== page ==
Educate patients preoperatievly, evaluate their needs, and set appropriate expectations
Figure 1. Be aware of patients’ unique visual needs, such as the intermediate-distance instrument panel in the cockpit for a pilot. (Source: Douglas Devries, OD)
Every day, I see patients who have been referred for cataract surgery—but have unfortunately been sent to us without any of the preparation that will ensure a smooth and satisfactory experience for the patient, and a painless postoperative management experience for the referring optometrist.
Here are 5 things I wish every doctor discussed with their patients before referring them for surgery.
A surgical practice has to provide true informed consent, so we will certainly talk to every patient who is a candidate about presbyopia- and astigmatism-correcting intraocular lens (IOL) options. But the reality is that this topic is best introduced early on, while the patient has the time and energy to think about what is important for their lifestyle and budget.
The preoperative consultation is a long one. The patient will see several different doctors, counselors, and technicians; go through a lot of diagnostic testing; and will likely be tired and somewhat overwhelmed by the end of the visit.
That’s a terrible time to introduce a major decision for the first time. That doesn’t mean that we want everyone to get a lifestyle lens. But we don’t want them to throw up their hands and say “Oh, just give me the standard!” and then later regret a decision made in haste.
Consider and share all the elements that are relevant to the IOL choice and refractive targets, including:
– The state of the accommodative system
– History of astigmatism and presbyopia correction in glasses or contact lenses
– Most important distances for the patient’s daily activities
– Frequency of night driving
– How easily satisfied the patient is with his spectacle or contact lens prescription
– Unusual avocations that require specialized lenses or have non-negotiable distance requirements
For example, as an instrument-rated private pilot I have to be able to see the instrument panel clearly (Figure 1). If my IOL doesn’t allow for that, I will need glasses for the cockpit.
This isn’t about telling the patient, “Hey, I want you to have XYZ lens.” Ultimately, the surgeon will determine which lens type and lens power to implant, but she needs information to make the best choice.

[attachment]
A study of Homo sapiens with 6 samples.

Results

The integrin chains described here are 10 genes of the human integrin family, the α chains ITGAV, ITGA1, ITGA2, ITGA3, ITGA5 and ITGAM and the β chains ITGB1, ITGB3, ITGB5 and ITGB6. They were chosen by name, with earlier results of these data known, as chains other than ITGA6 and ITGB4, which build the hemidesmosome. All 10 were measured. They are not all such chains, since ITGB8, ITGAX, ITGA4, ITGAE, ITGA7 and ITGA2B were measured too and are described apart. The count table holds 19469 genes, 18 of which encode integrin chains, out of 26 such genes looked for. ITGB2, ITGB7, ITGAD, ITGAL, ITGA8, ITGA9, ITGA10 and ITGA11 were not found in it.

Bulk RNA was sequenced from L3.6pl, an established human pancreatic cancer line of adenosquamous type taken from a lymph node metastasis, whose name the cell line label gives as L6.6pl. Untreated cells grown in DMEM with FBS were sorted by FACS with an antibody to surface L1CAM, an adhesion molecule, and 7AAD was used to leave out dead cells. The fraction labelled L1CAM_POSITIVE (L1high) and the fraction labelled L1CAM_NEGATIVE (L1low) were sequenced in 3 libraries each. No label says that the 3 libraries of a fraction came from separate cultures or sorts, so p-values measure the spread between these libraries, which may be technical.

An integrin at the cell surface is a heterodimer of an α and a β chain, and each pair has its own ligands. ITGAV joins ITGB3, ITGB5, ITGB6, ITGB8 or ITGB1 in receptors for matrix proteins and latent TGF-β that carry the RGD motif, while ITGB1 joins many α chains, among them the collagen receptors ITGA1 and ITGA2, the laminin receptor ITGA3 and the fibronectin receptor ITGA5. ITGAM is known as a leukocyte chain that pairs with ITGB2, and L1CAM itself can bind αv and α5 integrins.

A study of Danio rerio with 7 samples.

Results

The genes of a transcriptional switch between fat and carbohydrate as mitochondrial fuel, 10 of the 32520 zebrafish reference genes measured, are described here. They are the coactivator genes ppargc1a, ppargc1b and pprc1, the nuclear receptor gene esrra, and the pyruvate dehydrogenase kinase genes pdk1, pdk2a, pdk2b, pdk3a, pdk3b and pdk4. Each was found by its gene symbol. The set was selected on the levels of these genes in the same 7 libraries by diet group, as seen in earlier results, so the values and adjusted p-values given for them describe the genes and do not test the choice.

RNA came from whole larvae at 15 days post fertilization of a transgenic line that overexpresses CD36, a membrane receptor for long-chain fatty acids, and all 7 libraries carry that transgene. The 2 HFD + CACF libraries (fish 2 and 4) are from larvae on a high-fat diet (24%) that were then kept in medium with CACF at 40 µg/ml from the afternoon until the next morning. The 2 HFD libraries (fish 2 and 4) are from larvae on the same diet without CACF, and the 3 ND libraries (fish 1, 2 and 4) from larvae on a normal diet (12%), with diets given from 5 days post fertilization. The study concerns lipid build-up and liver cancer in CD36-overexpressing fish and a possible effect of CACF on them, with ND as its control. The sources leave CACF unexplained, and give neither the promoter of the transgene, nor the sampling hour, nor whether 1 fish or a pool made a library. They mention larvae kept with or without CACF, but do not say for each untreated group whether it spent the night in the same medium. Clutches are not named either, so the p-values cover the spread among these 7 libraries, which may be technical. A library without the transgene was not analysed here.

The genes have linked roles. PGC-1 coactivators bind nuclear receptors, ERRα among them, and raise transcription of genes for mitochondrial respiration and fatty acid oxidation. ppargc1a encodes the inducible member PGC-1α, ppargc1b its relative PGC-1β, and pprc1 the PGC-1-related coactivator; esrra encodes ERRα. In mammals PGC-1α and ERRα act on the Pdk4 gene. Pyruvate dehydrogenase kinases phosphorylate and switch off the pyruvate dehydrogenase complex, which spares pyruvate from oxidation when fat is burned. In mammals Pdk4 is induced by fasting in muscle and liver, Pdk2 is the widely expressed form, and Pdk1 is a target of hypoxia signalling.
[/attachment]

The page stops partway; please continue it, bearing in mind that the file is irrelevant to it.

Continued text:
I like to hand patients a near card upside down. The need to turn it around will force them to naturally reposition the card where they like to hold reading material. Depending on patients’ height and arm length, where they typically position devices, and what their hobbies are, “near” can mean anything from embroidery at 6 inches to a computer screen at 36 inches.
A simple way to explain the concept to patients is this: “If you have a standard lens implanted, you won’t be able to see anything clearly that you can touch. There are lens options (such as Tecnis Symfony [Johnson & Johnson Vision]) that can provide a natural range of high-quality vision that will satisfy most patients.”
Someone with short arms or a fine-detail hobby may need a lens that is designed for a closer near-point (such as PanOptix [Alcon] or Tecnis Multifocal IOLs).
So, ODs need to put lenses with their full correction in front of their eyes and ask them to look at a near target, explaining that it will always be this way once they have cataract surgery. With a demonstration like this, I have found that many low myopes would much rather have a presbyopia-correcting lens that offers the range of vision they expect to have.
Similarly, if the patient has always had astigmatism correction in his glasses and is excited to be able to see at distance after cataract surgery, he needs to understand that no matter how good the surgeon is, he will still need glasses unless he opts for astigmatism correction at the time of surgery.
The first question a patient always asks is, “Why didn’t Dr. Smith tell me I had this?”
It is an awkward situation for the surgical practice to manage, and it generally causes the patient to lose confidence in the referring doctor. Moreover, it means the referring doctor has ignored the practice opportunity to offer billable treatment services.
Patients who choose a presbyopia-correcting IOL, and especially if they might get a multifocal IOL, need to understand the potential for night vision symptoms. You can explain that the starbursts they currently see at night (because of the cataract) won’t entirely go away, but they will be less noticeable.
I like to explain neuroadaptation to patients by demonstrating physiological diplopia. Tell the patient to hold a finger about 12 inches from his face. Then hold a pencil at arms’ length. Tell the patient, “When you look at your finger, you are still aware of the pencil, right?” While looking at his finger but being aware of the pencil, he will now see 2 pencils.
And of course, if the patient chooses a standard monofocal IOL, he needs to know to expect that he will need glasses for some or all tasks, as discussed in the third point.
The most important factor in maintaining your patients’ trust after surgery—and having a smooth and trouble-free postoperative course—is taking the time to educate patients preoperatively so they are not unpleasantly surprised by the results.